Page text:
Should Mayor Nutter sell his World Series tickets?

Every Philadelphian with World Series tickets has the same dilemma: Go to the game or sell the seats for big money.

I wonder if Mayor Nutter has been struggling with the same thought. The Mayor's Box — a luxury suite in Citizen's Bank Park controlled by Nutter — could be worth quite a bit of money on the open market. If the tickets were sold, the city could use the money to pay for police overtime and other expenses related to the World Series.

Nutter WS trophy

So how much would these tickets be worth? Tracking down the answer was harder than I thought. It turns out that luxury boxes are almost never sold, since they are mostly owned by big corporations and uber-wealthy individuals who don't need the money.

“I have never seen a luxury box available for the World Series,” one ticket broker told me. “It's the only seat [in the stadium] not on the market.” He declined to give an estimate, but said the seats would be extremely valuable.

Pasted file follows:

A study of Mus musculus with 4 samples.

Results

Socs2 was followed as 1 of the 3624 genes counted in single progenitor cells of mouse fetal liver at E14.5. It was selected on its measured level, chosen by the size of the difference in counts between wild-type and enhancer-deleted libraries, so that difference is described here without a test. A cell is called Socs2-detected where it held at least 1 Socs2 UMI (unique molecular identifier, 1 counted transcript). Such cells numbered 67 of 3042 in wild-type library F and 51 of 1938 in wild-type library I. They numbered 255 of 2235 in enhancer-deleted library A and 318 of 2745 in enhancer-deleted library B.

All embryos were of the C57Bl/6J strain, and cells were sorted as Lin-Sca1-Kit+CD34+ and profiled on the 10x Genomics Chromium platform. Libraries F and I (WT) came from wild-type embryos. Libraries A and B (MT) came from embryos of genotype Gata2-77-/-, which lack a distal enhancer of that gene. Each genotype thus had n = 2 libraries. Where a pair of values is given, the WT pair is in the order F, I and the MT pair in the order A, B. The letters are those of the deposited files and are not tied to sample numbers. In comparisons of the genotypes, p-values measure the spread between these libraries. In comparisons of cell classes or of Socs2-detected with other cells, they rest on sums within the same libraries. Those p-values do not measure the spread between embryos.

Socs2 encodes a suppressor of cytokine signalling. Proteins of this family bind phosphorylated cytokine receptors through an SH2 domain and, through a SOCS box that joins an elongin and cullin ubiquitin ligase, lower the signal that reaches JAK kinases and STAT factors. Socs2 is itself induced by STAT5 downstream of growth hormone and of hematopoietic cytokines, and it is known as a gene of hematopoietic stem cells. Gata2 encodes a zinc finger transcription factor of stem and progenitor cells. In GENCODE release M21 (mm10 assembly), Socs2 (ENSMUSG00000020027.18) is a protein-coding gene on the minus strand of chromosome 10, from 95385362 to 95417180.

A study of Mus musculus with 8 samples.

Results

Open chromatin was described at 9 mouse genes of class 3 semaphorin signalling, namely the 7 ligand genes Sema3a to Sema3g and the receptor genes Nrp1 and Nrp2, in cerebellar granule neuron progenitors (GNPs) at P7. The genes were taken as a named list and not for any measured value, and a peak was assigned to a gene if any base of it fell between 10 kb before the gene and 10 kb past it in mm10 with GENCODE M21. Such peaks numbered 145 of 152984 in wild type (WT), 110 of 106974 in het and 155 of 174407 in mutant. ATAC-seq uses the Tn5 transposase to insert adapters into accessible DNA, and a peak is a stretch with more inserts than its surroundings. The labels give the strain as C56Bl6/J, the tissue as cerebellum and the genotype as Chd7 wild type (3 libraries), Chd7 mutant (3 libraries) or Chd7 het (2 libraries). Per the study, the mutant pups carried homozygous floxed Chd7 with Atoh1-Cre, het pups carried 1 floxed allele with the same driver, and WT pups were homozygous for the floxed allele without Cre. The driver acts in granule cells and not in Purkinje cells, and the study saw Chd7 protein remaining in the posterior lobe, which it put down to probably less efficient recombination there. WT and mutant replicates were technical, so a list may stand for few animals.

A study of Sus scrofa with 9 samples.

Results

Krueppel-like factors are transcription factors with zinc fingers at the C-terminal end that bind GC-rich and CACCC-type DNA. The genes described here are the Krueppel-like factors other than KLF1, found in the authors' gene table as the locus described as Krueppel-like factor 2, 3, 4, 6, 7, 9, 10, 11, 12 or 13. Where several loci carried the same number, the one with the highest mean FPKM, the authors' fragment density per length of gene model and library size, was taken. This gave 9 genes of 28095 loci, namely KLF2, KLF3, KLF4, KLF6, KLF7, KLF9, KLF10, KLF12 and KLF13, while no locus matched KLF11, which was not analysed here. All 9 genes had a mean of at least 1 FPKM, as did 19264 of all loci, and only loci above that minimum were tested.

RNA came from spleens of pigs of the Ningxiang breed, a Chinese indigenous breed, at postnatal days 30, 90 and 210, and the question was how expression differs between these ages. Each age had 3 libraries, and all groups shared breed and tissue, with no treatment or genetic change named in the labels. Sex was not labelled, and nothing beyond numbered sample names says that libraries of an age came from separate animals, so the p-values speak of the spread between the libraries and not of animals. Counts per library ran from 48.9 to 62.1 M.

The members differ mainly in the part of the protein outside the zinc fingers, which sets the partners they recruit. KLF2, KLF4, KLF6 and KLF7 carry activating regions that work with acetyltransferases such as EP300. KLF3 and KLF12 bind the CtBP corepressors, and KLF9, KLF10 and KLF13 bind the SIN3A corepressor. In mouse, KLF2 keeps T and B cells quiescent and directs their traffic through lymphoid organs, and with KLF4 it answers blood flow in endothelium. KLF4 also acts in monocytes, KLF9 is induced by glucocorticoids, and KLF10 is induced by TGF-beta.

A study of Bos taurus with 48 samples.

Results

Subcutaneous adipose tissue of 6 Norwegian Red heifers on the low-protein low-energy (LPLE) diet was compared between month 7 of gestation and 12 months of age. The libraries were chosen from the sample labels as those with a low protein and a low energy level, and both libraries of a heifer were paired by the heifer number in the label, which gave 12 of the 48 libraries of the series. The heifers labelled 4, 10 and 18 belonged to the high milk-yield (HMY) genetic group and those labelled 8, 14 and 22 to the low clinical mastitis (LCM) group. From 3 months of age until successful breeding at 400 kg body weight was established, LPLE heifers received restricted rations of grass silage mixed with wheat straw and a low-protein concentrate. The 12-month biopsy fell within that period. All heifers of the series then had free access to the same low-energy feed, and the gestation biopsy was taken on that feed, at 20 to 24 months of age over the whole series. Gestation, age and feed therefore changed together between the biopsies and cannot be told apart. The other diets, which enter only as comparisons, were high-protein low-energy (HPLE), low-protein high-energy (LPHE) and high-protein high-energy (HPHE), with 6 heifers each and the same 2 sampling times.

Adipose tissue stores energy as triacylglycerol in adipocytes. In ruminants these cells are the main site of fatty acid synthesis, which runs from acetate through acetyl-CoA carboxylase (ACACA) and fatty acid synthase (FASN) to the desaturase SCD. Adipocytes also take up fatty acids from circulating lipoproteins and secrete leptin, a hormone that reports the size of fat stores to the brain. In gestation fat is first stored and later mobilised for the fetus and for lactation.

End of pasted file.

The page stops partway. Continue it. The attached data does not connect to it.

“It's a very unique package,” he said. “You get great seats, food, and drink, all included.”

I finally got an answer from Darius Lowber, who answered the phone at Glassman's Ticket Agency in Center City. After checking prices, he told me that the suite could be worth nearly $100,000 over the course of the World Series (if it lasts at least five games).

“Each suite is different, some have 12 seats and some have 16,” Lowber told me. “The retail price of a ticket in a suite is about $2,500. So, it would between $30,000 and $40,000 for each night.”

Lowber thinks the city could make some money, but he is less optimistic about the overall impact on the fiscal crisis. “This isn't going to get the city out of the hole it's in,” he said.

Look, $100,000 is nothing to sneeze at. But here is the ugly truth: these tickets would probably be bought by Yankees fans. There are a lot of super rich people in New York and they'll pay top dollar to get the tickets like these. Still, that might actually be a good thing. After all, we'd be using their money to pay for our parade.